Once in a Blue Moon Bible
guest post by Larry Dinkins
There are scores of quiet time books which stress making Bible reading a daily habit: Daily Bread, Daily Light, Daily Guideposts, and a huge variety of other Daily devotional aids for every age group. I've used many of them, so I'm not sure why the title of a new devotional caught my eye - "Once-A-Day Bible". Then it dawned on me. I've been thinking about Brother Lawrence whose "Practicing the Presence of God" is still a classic after 400 years. What if all they had in the monastery was the "Once-A-Day" Bible. Would Brother Lawrence read his portion for the day and then say, "Ok, glad that's finished. Once in the Bible is enough for today." Mind you, a "Once-a-Day" Bible is much better than a "Once-in-Awhile" Bible or "Once-in-a-Blue-Moon" Bible.
Surely our goal is to meditate and ruminate on the Scriptures continually as we, " ... sit in your house and when you walk by the way and when you lie down and when you rise up" (Deut. 6:6). I've heard thousands of sermons in my 60 years and I'm embarassed to say that I very seldom discuss the content of the sermon over say, lunch or when I return home. I always take voluminous notes and so do many of my friends, but we very rarely make the effort to discuss the message, even when everyone agrees that it was a good sermon. Mind you, I've been in churches where the pastor proactively sets up small groups to discuss his sermon and of course that sermon becomes the topic of discussion. Those groups are quite useful, but I don't think that is the primary thing that Moses had in mind in Deut. 6:6.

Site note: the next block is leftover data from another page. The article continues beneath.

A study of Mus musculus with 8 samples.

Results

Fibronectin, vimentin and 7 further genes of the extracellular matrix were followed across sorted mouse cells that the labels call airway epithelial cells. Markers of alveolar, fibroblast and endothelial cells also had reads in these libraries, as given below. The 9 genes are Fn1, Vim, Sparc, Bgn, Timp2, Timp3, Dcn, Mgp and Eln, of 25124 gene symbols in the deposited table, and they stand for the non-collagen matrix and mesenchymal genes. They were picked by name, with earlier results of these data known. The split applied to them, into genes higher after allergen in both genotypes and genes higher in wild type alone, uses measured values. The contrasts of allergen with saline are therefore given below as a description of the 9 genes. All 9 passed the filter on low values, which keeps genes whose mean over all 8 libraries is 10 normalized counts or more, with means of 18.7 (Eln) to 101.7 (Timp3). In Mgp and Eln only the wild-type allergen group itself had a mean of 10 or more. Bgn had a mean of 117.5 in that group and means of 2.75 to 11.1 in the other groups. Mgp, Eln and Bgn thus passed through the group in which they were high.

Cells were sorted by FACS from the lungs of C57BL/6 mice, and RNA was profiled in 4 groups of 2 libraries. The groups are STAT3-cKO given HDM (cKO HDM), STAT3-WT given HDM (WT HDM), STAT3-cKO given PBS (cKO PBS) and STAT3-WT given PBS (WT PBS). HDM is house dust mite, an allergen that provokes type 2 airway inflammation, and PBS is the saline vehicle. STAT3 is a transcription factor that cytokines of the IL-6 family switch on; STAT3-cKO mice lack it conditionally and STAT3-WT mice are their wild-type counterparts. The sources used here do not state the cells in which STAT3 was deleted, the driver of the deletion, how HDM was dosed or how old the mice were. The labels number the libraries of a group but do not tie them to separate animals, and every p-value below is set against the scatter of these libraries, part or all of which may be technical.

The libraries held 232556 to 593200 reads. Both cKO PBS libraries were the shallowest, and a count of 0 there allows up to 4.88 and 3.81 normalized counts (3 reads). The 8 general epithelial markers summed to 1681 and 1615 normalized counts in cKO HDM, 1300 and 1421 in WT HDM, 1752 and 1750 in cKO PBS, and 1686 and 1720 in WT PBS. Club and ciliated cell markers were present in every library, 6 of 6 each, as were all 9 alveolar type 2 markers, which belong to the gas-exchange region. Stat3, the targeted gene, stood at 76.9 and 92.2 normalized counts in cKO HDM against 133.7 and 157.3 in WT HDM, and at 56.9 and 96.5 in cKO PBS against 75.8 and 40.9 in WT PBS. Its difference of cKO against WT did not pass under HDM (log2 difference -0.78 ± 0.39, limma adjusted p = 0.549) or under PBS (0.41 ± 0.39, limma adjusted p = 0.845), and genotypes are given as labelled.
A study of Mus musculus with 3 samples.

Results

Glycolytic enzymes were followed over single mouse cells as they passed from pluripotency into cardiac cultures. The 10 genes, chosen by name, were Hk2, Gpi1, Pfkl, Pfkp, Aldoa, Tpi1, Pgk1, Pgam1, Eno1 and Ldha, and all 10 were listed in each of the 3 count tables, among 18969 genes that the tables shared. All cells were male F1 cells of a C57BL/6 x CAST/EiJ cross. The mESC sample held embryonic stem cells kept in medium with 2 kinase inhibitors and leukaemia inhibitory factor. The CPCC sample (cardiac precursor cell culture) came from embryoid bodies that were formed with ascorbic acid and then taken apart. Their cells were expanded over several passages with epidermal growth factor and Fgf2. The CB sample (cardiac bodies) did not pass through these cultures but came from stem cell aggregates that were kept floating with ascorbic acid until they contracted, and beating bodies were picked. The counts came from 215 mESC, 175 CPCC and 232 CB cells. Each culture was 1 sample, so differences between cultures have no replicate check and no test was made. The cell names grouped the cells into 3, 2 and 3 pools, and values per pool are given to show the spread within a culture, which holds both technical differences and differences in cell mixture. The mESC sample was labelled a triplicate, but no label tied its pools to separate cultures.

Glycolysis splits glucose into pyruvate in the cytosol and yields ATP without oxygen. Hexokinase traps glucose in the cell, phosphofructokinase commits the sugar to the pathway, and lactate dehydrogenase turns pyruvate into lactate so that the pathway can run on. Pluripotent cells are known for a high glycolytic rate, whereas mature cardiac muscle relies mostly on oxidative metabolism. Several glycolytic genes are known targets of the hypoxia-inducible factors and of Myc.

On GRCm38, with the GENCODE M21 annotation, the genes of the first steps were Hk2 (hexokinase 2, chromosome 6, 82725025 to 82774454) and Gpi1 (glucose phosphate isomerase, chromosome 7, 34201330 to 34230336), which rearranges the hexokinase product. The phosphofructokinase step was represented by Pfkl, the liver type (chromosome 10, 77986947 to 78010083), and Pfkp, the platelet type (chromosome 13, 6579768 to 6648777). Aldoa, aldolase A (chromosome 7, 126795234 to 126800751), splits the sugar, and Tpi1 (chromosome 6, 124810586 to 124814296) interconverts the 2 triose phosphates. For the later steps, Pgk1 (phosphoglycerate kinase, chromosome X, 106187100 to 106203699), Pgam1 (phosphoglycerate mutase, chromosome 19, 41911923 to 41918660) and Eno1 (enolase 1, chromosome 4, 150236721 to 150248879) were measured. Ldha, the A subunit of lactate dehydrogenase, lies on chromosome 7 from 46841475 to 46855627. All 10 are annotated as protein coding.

That is why a story telling emphasis has been so surprising to me. For one thing, in a oral story session, the storyteller makes an effort to feature the story as the core of the teaching and to seal it to the listener's heart by repetition, questions and personal application. The listener actually leaves the session with a high percentage of the story in his memory bank, plus an understanding of the basic meaning of the story. The result is that this "life and blood" story can be transported from a formal sanctuary to an informal lunch table, living room sofa or even park bench.
The early church was always "gossiping the gospel" as it related the marvelous stories of the savior. They had an unusual number of powerful stories in their heart pocket and no doubt told them with the confidence and assurance of an eye witness. Along the way they were able to reach the outer corners of the Roman Empire and ultimately "turn the world upside down".